The following tip sheet and resources are invaluable tools for reducing cybersecurity risks and protecting yourself online. Additional Resources: National Cybersecurity Alliance and CISA.gov

More of your home devices are now connected to the internet, including thermostats, door locks, and coffee machines. This enables us to control our devices on our smartphones, no matter our location, saving us time while providing convenience and safety. These technological advances are innovative and intriguing; however, they also pose a new set of security risks. #BeCyberSmart to connect with confidence and protect your digital home.

Simple Tips

  • Secure your Wi-Fi Network. Your home’s wireless router is the primary entrance for cybercriminals to access all of your connected devices. Secure your Wi-Fi network and your digital devices by changing the factory-set default password and username.
  • Double you login protection. Enable multi-factor authentication (MFA) to ensure that the only person who has access to your account is you. Use it for email, banking, social media, and any other service that requires logging in. If MFA is an option, enable it by using a trusted mobile device such as your smartphone, an authenticator app, or a physical token.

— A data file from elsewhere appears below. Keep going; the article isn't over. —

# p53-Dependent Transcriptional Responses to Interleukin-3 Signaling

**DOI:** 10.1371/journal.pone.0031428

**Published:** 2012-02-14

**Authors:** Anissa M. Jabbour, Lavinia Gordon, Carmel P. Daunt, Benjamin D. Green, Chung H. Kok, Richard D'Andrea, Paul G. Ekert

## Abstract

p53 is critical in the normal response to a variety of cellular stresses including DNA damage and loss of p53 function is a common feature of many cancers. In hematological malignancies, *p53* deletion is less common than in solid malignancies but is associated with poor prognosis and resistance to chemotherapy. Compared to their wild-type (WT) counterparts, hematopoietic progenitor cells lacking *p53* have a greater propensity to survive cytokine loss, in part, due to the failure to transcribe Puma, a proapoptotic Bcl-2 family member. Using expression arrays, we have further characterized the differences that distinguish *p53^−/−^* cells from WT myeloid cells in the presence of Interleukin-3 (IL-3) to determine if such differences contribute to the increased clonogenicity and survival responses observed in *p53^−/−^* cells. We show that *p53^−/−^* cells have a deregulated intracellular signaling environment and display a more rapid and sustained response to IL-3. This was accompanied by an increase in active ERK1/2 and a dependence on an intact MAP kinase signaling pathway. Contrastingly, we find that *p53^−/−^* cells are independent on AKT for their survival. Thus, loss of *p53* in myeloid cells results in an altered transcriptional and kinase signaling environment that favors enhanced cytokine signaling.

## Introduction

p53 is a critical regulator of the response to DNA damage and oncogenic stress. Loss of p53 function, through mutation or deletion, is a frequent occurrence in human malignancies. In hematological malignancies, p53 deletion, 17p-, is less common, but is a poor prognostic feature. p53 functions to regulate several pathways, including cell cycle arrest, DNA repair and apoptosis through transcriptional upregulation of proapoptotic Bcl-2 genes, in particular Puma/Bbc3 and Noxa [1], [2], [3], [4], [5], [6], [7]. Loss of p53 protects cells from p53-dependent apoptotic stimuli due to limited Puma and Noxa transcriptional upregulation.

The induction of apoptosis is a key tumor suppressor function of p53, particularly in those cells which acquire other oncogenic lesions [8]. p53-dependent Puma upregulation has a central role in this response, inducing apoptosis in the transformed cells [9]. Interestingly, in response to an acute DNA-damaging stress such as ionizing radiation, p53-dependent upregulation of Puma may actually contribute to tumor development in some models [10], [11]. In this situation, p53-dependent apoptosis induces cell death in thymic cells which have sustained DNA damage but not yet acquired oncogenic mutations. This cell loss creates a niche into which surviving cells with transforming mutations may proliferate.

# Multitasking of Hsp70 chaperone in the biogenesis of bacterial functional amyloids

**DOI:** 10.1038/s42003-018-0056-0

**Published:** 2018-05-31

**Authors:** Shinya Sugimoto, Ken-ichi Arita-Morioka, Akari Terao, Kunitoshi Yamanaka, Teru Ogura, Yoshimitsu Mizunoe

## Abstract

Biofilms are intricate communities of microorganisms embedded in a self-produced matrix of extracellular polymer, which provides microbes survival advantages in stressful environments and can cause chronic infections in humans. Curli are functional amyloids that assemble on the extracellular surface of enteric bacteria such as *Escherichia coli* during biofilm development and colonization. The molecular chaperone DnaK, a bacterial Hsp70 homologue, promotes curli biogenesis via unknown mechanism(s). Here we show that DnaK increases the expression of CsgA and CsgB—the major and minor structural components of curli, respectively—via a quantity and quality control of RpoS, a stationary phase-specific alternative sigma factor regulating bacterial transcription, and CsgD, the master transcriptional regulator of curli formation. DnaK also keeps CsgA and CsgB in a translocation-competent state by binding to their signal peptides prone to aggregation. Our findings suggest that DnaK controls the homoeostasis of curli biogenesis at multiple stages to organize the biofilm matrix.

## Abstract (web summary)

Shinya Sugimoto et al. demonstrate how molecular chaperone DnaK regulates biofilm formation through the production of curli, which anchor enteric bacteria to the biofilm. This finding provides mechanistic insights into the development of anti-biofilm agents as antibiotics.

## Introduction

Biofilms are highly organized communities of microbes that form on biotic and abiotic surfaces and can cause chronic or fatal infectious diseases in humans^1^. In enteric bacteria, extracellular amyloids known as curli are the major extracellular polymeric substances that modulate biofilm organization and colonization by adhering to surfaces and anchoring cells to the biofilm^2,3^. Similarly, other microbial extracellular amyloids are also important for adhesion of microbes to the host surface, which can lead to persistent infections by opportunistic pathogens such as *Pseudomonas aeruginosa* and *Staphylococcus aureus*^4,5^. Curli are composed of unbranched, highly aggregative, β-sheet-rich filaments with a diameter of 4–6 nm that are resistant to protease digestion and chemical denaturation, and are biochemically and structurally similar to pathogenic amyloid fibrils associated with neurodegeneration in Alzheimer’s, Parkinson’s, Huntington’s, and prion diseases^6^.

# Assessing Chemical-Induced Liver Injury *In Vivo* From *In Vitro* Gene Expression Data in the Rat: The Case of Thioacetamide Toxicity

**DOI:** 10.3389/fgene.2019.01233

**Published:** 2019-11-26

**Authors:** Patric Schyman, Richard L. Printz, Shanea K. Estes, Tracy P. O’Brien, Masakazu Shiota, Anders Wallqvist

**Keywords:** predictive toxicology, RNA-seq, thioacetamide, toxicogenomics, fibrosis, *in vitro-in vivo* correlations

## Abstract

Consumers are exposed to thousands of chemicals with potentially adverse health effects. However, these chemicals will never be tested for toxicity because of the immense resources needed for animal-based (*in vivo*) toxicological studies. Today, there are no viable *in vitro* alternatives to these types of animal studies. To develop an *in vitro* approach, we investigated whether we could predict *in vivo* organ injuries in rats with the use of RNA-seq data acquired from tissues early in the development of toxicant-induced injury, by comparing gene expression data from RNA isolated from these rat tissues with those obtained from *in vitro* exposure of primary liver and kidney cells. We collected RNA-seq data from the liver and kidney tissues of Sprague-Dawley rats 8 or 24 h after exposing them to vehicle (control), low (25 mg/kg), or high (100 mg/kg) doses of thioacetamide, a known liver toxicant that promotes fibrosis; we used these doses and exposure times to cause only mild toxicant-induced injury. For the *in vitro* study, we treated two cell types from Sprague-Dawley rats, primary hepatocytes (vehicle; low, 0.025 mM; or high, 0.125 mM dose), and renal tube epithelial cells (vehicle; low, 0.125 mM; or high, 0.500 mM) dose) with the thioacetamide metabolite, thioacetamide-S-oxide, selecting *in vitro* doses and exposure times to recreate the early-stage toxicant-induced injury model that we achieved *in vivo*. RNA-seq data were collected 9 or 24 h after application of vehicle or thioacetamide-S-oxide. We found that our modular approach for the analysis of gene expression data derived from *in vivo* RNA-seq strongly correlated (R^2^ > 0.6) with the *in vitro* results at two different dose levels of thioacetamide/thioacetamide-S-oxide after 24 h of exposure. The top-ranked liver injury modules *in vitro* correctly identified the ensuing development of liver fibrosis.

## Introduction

• If you connect it, you must protect it. Whether it’s your computer, smartphone, game device, or other network devices, the best defense is to stay on top of things by updating to the latest security software, web browser, and operating systems. If you have the option to enable automatic updates to defend against the latest risks, turn it on. If you’re putting something into your device, such as a USB for an external hard drive, make sure your device’s security software scans for viruses and malware. Finally, protect your devices with antivirus software and be sure to periodically back up any data that cannot be recreated, such as photos or personal documents.
  • Keep tabs on your apps. A mobile application supports most connected appliances, toys, and devices. Your mobile device could be filled with suspicious apps running in the background or using default permissions you never realized you approved—gathering your personal information without your knowledge while also putting your identity and privacy at risk. Check your app permissions and use the “rule of least privilege” to delete what you don’t need or no longer use. Learn to say “no” to privilege requests that don’t make sense. Only download apps from trusted vendors and sources.